Private Property Issue #9

"Biggest house price falls"
28th April 2022

House prices are falling in parts of New Zealand. (But not everywhere).

Prices hit record highs in November 2021.

Then the updated CCCFA lending law came in.

And snap. The straw broke the camel's back.

After crunching the data, there are the two main trends:

1) The South Island is holding up much better than the North Island.

Since November, houses in two-thirds of North Island council areas have fallen in value.

But in the South Island, it’s 50-50. Half have increased. Half have decreased.

2) The smaller regions are doing better than the major cities.

Houses in most cities (populations of 30,000 or more) have fallen in value. Some have increased. But most have gone down.

Those smaller council areas (where property prices tend to be cheaper) appear to be holding up better. See the maps below.



Where are property prices increasing? Where are they decreasing?

It’s time for the rumble of the regions. Let’s see which areas are rising and which are falling.

Taranaki, Northland and Otago have all done well. Houses have appreciated in these regions over the last 5 months.

Auckland, Wellington, Hawke’s Bay and Manawatu-Whanganui are all declining.

Auckland house prices, for instance, are down 7.8%.

That sounds like a lot. But there are a few factors you need to consider (I’ll point these out in a moment).

However, even within these regions, there is variation. This next map breaks down house price changes by council area.

See how most of the big house price falls (the dark red) are in the North Island.

Wairoa (in Hawke’s Bay) has fallen the most, along with Hamilton, Palmerston North, the Greater Wellington area, Auckland, Hauraki and Kawerau.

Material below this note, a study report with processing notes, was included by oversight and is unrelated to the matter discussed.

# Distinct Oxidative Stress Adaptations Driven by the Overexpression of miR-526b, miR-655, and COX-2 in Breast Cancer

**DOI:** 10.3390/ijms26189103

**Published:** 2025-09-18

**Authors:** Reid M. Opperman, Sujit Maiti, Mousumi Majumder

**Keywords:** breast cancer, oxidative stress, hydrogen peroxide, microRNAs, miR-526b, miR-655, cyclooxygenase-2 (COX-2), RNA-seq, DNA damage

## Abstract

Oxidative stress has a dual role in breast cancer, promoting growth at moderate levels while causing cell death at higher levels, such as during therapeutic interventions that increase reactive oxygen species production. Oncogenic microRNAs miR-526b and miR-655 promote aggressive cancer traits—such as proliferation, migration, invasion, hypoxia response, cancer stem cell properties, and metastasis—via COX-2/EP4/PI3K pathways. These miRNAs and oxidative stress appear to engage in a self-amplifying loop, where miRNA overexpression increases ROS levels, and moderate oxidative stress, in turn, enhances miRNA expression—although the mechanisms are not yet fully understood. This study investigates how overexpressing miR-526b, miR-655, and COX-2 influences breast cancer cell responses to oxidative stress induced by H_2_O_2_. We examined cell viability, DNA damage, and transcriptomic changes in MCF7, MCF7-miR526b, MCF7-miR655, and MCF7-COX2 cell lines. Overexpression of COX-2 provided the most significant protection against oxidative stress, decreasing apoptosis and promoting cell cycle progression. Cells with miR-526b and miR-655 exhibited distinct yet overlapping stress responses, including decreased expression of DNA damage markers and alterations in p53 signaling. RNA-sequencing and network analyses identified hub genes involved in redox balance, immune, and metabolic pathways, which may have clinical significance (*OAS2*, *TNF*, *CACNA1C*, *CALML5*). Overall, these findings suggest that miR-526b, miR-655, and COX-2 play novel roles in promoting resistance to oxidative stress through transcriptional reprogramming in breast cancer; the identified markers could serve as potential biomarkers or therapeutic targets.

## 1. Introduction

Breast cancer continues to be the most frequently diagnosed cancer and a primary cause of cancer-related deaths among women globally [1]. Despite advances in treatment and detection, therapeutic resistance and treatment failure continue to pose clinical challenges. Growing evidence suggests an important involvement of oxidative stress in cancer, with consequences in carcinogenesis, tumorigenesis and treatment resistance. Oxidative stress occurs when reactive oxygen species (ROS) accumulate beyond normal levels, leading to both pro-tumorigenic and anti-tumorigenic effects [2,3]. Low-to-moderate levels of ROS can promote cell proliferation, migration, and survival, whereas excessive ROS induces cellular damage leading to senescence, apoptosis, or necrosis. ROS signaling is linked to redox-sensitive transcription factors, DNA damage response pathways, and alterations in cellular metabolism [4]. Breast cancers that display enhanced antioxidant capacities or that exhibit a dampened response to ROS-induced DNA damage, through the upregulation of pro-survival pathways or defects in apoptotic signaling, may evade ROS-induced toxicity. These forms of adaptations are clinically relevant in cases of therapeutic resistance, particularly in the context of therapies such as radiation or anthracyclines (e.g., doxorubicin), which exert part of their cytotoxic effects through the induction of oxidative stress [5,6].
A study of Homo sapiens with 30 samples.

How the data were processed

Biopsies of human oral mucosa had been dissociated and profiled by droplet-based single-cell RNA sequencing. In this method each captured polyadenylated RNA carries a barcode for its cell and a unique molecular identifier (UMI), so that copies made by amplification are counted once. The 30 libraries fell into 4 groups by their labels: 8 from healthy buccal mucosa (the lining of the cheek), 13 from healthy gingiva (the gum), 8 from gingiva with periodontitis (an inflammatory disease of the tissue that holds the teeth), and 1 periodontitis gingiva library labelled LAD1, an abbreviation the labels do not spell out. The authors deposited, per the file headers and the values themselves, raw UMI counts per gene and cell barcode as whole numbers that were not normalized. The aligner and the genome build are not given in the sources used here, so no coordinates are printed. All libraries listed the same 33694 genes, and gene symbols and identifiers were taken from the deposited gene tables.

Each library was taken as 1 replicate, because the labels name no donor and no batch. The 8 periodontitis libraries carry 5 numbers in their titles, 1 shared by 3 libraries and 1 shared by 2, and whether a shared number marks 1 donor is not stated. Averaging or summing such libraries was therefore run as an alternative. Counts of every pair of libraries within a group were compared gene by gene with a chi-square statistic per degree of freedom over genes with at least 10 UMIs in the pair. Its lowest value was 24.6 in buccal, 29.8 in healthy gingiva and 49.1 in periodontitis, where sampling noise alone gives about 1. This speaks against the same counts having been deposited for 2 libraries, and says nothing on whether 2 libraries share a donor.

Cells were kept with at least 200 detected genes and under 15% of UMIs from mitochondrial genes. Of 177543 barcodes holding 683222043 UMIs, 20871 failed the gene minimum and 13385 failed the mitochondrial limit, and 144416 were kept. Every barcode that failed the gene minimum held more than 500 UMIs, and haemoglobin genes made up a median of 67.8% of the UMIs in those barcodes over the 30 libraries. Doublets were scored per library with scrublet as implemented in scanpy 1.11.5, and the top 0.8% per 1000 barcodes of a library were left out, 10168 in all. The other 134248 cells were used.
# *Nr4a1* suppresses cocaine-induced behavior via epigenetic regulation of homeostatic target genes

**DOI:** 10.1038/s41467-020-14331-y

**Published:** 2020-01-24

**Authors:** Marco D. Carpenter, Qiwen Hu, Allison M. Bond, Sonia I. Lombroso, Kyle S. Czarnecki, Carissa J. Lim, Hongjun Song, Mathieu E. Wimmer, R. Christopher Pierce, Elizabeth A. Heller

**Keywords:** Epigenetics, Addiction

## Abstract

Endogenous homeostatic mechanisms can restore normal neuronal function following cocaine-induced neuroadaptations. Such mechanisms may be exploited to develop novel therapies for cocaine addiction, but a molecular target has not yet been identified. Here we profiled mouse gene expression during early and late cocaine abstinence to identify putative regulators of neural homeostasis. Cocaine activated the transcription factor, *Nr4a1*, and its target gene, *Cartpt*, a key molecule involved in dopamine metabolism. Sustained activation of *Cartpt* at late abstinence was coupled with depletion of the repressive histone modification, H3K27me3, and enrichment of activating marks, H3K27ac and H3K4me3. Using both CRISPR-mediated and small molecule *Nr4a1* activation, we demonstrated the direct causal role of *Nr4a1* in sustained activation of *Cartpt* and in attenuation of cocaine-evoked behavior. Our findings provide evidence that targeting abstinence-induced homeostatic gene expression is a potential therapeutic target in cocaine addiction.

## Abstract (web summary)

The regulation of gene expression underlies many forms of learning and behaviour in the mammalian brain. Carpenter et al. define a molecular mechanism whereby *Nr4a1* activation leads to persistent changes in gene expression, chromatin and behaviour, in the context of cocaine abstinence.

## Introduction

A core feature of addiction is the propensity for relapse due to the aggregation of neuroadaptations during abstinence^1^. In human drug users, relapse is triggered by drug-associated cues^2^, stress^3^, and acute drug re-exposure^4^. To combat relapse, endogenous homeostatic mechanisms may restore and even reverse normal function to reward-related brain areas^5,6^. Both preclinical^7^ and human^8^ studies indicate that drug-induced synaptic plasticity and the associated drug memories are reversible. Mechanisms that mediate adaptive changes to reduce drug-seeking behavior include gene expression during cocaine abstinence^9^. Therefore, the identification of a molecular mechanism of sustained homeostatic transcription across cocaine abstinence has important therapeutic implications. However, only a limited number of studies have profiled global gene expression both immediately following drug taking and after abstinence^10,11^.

Down south, only Clutha district was among the top 10 biggest losers.

On the flip side, the biggest gainers (where prices increases) tend to be the smaller, lower population areas.

Buller, Opotiki and Waitaki all came out on top.

How bad is Auckland really?

Given that about a third of Kiwis live in Auckland … the city deserves special mention.

When you look at the raw figures … Auckland appears to have done it rough. Property prices in the city dropped 7.8%.

That compares to a fall of only 1.8% for everywhere, excluding Auckland.

If you wanted to make the numbers look really dire, you could say prices there fell 4.3x faster than in the rest of the country.

But all is not quite as bad as it seems.

Because in the 5 months immediately before the November peak, Auckland house prices rocketed up 13.2% … which compares to (only) 9.7% for the rest of the country.

Because Auckland house prices shot up quickly before the peak, they have further to fall immediately after.

If you compare prices to just 10 months ago, Auckland is up 4.5%, and everywhere else is up 7.7%.

Overall, I expect the downturn in Auckland prices to mirror what happens in the rest of the country.

Which areas are most vulnerable? Which are least vulnerable?

In the next few years, some regions will fare better than others.

To give you a sense of which is which … I’ve stolen another table from economist Tony Alexander.

Here, he’s categorised the areas that are most and least vulnerable to house price declines.


While Auckland has faced significant falls in the last few months. It only has average vulnerability.

Compare that to Whanganui, which has only fallen 3.5% so far … yet is considered more vulnerable to further declines.

How do I use this data in my property investment strategy?

What should you do with all this info?

One option is to say, “house values are falling; I’ll wait for the market to recover.”

An alternative is to take an opportunistic approach.

For instance, I’m out there hunting for deals right now … using the house price movements to my advantage.

How do you do this? Use the data to negotiate.

When I’m negotiating with a developer, I’m saying, “house values are down. You’re dreaming if you think an investor will pay that. The price needs to fit the market.”

And it looks like savvy investors agree.

A net 35% of real estate agents report investors out there looking to find a bargain, according to Tony Alexander and REINZ’s April real estate agent survey.

All this data isn’t just good to know because it’s interesting.

It could help you save tens of thousands of dollars in a negotiation.